Cuomo Sues Federal Government To Overturn Illegal Marine Fishing Regulations That Threaten Long Island's Recreational Fishing Industry
NEW YORK, NY (June 23, 2008) - Attorney General Andrew M. Cuomo today announced a lawsuit against the federal Department of Commerce for violating federal law with its new limits on recreational catches of summer flounder along the east coast. The suit charges that their regulations will harm New York’s anglers and the recreational fishing industry, without benefiting the long-term health of these popular sportfish.
“The federal government, through its use of outdated and unfair data, has created a perfect storm for fishermen and recreational boaters across Long Island,” said Attorney General Cuomo. “Long Island fishermen should not be at a disadvantage to anglers who come from a New Jersey port. These arbitrary limits on fluke fishing are hurting our recreational fishing industry, yet are not properly protecting our fisheries. My office is working to ensure that New Yorkers are no longer subject to these illegal regulations.”
Each year, the Department of Commerce, through the National Marine Fisheries Service (NMFS), sets limits on size, daily catch, and fishing season length for recreational catches of summer flounder - commonly referred to as “fluke” - for the coastal waters stretching from North Carolina to Massachusetts. The NMFS then chooses either to adopt one “coast wide” set of regulations for the entire coast or different regulations on a state-by-state basis. If the NMFS chooses a state-by-state approach, federal law requires that all states are treated fairly and that the regulations are based on the best available scientific data.
In May 2008, the NMFS adopted state-by-state limits for regulating summer flounder catches for the current season. In violation of the laws governing state-by-state regulations, the new regulations subject New York anglers to the strictest catch limits of any other state, including neighboring states. For example, New Yorkers can keep four fewer fish per day than New Jersey anglers. New Yorkers are also only allowed to keep fluke over 20.5 inches -- two and a half inches longer than those that can be kept by New Jersey anglers -- barring New Yorkers from keeping most of the fish they catch. Furthermore, the NMFS based the new regulations on a one-year survey conducted almost 10 years ago; experts have severely criticized this survey as being scientifically invalid. Finally, there is no evidence that the state-by-state regulations adopted by the NMFS properly conserves the population of fluke, which is the ultimate goal of these regulations.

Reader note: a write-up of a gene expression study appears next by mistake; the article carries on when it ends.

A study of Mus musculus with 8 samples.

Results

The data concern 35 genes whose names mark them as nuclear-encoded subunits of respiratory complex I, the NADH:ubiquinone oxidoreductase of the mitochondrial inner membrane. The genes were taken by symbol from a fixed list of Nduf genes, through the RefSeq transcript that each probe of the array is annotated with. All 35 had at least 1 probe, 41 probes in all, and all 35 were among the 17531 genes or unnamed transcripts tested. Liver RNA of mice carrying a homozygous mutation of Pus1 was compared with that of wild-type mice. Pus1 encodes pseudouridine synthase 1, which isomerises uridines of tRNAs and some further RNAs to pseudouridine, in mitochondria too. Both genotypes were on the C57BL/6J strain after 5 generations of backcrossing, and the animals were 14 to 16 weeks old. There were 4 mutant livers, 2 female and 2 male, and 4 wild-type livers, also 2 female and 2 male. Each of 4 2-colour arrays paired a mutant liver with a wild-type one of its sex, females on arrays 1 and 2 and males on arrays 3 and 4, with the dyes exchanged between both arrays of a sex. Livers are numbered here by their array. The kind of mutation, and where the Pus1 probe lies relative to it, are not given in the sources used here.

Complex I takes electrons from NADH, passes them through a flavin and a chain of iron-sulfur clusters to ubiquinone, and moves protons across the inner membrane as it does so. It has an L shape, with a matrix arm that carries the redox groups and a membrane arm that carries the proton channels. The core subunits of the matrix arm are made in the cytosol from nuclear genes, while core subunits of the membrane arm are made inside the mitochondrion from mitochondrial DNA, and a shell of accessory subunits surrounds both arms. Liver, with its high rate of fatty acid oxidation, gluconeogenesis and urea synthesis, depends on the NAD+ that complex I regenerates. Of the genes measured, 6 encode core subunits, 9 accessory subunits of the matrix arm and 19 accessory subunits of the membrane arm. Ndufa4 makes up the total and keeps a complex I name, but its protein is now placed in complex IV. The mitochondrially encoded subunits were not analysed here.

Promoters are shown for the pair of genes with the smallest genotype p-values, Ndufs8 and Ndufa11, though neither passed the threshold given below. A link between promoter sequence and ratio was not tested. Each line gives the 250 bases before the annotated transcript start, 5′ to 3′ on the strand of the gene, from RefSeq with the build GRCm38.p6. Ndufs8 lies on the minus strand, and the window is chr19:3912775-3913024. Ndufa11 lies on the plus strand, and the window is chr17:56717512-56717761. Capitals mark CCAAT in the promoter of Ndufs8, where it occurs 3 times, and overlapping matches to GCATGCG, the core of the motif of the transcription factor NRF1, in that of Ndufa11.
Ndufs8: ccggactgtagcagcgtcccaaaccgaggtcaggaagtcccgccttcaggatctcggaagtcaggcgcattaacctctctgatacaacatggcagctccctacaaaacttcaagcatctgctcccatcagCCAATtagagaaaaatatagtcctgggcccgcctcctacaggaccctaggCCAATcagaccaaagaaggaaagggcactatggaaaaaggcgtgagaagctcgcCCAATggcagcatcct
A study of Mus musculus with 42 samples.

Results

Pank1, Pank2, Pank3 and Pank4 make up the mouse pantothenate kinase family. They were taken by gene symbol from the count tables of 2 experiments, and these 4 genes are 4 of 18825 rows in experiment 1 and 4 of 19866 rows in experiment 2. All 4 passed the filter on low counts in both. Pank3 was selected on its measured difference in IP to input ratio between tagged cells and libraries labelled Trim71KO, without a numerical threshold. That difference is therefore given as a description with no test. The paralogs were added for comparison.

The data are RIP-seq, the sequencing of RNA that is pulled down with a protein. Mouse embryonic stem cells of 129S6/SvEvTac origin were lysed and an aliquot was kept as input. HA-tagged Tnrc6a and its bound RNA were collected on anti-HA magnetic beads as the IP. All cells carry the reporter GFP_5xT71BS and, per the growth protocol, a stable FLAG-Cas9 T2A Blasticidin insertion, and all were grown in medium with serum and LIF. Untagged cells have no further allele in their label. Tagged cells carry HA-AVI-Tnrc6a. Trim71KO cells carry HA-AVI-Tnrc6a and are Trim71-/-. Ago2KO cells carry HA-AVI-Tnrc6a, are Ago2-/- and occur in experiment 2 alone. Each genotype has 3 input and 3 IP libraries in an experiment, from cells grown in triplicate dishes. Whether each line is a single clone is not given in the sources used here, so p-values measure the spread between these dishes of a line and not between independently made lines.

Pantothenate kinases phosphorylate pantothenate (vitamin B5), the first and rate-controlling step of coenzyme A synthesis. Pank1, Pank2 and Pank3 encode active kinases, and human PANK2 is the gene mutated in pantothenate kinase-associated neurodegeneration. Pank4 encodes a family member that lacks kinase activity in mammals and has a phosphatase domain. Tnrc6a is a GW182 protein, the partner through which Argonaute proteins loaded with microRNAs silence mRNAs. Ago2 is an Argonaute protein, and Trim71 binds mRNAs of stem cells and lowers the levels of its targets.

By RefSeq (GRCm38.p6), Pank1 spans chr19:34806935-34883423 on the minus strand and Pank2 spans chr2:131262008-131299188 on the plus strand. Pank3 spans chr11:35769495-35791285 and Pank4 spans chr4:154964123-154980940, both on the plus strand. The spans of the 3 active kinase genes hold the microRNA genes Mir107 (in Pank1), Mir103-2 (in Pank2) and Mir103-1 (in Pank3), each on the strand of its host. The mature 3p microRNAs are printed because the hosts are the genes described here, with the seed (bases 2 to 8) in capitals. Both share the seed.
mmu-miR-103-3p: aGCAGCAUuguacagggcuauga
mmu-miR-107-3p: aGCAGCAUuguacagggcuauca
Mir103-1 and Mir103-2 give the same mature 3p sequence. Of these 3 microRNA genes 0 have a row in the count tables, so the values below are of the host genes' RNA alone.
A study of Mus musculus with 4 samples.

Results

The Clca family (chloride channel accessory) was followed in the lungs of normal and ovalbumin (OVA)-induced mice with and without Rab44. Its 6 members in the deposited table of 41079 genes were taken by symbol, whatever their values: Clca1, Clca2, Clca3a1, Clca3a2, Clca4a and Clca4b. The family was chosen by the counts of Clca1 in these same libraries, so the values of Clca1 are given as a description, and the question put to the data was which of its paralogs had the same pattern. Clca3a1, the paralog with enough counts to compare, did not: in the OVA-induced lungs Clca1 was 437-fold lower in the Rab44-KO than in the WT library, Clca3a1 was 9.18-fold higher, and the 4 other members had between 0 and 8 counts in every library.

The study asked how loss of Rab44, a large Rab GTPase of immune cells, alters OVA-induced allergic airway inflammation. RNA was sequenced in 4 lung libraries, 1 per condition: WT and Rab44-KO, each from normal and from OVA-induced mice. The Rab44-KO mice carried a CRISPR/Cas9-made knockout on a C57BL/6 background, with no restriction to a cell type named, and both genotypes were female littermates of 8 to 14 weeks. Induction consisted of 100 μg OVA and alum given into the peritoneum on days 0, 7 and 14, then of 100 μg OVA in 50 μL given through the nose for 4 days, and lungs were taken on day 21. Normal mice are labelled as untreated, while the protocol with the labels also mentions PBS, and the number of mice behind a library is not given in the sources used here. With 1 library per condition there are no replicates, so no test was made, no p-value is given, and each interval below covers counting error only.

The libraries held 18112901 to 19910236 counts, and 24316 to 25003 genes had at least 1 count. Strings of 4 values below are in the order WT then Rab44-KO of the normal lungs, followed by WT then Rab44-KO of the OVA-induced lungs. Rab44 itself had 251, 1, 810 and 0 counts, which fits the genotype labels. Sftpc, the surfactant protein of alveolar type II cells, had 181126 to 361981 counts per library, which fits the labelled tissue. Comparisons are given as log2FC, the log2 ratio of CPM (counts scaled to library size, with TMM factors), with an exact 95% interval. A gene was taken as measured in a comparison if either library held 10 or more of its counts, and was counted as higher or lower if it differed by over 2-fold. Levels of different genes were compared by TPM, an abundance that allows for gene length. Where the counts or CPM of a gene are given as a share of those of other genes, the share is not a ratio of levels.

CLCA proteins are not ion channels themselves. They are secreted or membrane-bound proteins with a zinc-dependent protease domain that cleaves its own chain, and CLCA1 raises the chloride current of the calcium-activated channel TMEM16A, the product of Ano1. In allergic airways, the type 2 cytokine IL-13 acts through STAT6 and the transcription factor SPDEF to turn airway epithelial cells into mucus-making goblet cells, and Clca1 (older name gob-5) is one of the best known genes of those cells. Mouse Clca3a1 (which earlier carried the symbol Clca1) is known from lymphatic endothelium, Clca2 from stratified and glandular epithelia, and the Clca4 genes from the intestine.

The suit filed today seeks to invalidate the new federal regulations and to direct the NMFS to adopt the alternative “coast wide” approach for managing recreational east coast catches of summer flounder. The lawsuit was filed in the United State District Court for the Eastern District of New York.
The suit is being handled by Assistant Attorney General Andrew Gershon under the supervision of Special Deputy Attorney General for Environmental Protection Katherine Kennedy.